Economics columnist-reporter David Leonhardt weighed the philosophies of two ultra-wealthy presidential candidates, Democratic trial lawyer John Edwards and Republican businessman Mitt Romney, and found the argument of the "populist" Democrat (the one who favors tax hikes and universal health coverage) more compelling, judging by column inches and a sympathetic tone that also worked in familiar liberal nostrums about growing inequality and the widening "income gap" ("Two Candidates, Two Fortunes, Two Distinct Views of Wealth."
Leonhardt's long thinkpiece appeared on Sunday's front page under the rubric, "Age of Riches: A Political Divide," a phrase that packs a lot of liberal assumptions in itself
"By the final weeks of 1984, well before either turned 40, John Edwards and Mitt Romney had already built successful careers. But the two men were each on the verge of an entirely new level of financial success."
"Like thousands of other Americans in a global, high-technology economy in which government was pulling back and wealth was being celebrated, Mr. Edwards and Mr. Romney used talent, hard work and - as both have suggested - luck to amass fortunes. They became a part of a rising class of the new rich.
"Whether this class is a cause for concern - whether it deserves some blame for the economic anxiety felt by many middle-class families - has become a central issue in the 2008 presidential race. And Mr. Edwards and Mr. Romney are basing their candidacies in large measure on the very different lessons each has taken from his own success.
"Some people come from nothing to being wildly successful and their response is, 'I did this on my own,' Mr. Edwards said in an interview. 'I came to a different conclusion. I believe that I did work hard, and I think people should work hard, but I think my country was there for me every step of the way.'
Today, he added, 'the problem is all the economic growth is going to a very small group of people.'
Mr. Romney, by contrast, talks about the ways that his experiences at Bain showed him how innovative and productive the American economy can be and, particularly, how free markets can make life better for everyone.
"'There is a model of thought among the Democrats - that the amount of money, the amount of wealth in a nation, is a fixed amount,' he said in an interview. 'And that if Bill Gates and Warren Buffett are making a lot of money, that just means somebody else is not able to make as much. That happens to be entirely false.'
"The two men represent a clear divide between the Democratic and Republican parties over whether the government should redistribute more wealth, from the rich downward, now that economic inequality is greater than it has been since the 1920s."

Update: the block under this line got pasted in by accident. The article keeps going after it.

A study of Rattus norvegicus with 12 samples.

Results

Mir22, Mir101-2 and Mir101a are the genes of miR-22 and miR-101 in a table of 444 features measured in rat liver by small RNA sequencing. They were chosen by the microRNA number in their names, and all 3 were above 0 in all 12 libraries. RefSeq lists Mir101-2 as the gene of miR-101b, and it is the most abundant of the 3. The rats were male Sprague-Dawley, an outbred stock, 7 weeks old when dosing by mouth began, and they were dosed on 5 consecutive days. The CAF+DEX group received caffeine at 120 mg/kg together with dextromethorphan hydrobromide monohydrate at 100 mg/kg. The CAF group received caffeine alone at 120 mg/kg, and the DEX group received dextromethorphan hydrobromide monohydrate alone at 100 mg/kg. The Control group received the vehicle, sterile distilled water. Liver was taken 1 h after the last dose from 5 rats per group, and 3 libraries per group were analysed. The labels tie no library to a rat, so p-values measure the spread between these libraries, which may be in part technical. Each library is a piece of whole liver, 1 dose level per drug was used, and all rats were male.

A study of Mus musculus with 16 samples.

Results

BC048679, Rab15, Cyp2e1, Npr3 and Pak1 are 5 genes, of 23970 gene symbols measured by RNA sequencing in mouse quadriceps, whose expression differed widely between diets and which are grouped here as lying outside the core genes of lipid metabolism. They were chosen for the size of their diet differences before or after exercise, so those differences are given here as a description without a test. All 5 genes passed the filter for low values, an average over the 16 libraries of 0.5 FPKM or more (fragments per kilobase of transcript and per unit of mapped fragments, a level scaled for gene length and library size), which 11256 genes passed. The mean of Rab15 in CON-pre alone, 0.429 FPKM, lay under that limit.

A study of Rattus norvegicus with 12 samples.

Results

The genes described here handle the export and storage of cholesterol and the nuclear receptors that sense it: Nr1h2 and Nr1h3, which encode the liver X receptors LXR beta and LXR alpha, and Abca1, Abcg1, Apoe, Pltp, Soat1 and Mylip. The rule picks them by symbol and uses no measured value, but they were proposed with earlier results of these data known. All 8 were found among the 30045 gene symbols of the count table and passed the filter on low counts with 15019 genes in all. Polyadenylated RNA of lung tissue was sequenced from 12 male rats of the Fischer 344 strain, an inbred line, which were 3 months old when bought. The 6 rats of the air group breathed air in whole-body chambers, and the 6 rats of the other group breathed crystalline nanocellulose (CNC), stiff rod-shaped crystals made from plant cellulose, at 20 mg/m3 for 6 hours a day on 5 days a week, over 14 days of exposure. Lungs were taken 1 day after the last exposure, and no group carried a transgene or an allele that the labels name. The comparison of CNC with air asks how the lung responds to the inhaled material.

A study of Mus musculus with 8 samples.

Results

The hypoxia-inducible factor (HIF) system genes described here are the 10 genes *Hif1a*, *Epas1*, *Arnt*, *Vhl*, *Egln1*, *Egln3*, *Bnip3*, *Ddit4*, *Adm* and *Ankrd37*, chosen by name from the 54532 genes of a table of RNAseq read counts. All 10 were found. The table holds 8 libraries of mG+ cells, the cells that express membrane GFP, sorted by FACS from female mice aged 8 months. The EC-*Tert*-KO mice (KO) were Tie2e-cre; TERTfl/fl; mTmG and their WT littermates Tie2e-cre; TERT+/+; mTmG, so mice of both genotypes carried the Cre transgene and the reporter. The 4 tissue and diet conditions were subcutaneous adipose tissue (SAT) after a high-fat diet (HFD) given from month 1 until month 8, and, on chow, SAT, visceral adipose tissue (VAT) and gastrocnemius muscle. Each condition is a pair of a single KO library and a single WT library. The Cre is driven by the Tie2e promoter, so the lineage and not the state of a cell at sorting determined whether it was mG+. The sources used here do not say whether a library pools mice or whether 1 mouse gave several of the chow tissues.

Leonhardt, not surprisingly, took the side of the "populist" (not liberal?) Democrat Edwards.
"Mr. Edwards is running perhaps the most populist campaign of any major candidate in a generation. He has called for universal health insurance, tighter trade restrictions, more financial aid for college students and higher taxes on the rich. In several cases, his main Democratic rivals have followed his lead. The political system is now rigged to help the rich, Mr. Edwards says, which makes a journey like his, from modest beginnings to the middle class and far beyond it, much harder than it was."
One subhead to the story? "Income Gap Widens."
"Cultural norms and basic economics, then, are two main reasons the rich have become richer. Mr. Edwards's campaign is focusing on the third: the ways that government policy has intensified the trends.
"Over the past generation, both the Democratic and Republican parties have embraced more free-market policies. There have been obvious reasons for the drift. Central planning was exposed as a failure across the Soviet empire, while the socialist-leaning economies of Europe have struggled to keep up with the growth rates of the more open American economy.
"But Mr. Edwards argues that the changes have gone too far. As he campaigns across Iowa and New Hampshire, he says that the tax code now favors wealth over work, that Washington lobbyists protect drug and health insurance companies and that trade deals are written to lift corporate profits rather than the middle class.
"And Mr. Edwards's broad argument - that the middle class is not doing as well as it used to - also has evidence on its side. The income of the median family has risen only about 25 percent in the last 30 years, after adjusting for inflation. From 1947 to 1977, the same measure more than doubled."
Never mind that the purchasing potency of those average median family incomes hasbeen upgradedimmeasurably since 1977 (home computers and DVD's, for astart), or the fact that benefits like health care and 401K's aren't included in most measures of income. Leonhardt also doesn't explain how Edwards' plan to raise taxes on "the wealthy" will boost relative pre-tax income of median families.
Typical for a Times reporter Leonhardt avoided the dreaded "liberal" label, at least when describingtheDemocrat politician John Edwards.
"In the American Prospect, a liberal magazine, Ezra Klein called Mr. Edwards 'the first genuine populist in decades with a serious shot at the presidency.'
"His populist bent helps explain why only one high-profile economist - James K. Galbraith of the University of Texas,the son of John Kenneth Galbraith - has joined the campaign. Some economists have been especially dismayed by Mr. Edwards's negative talk about trade."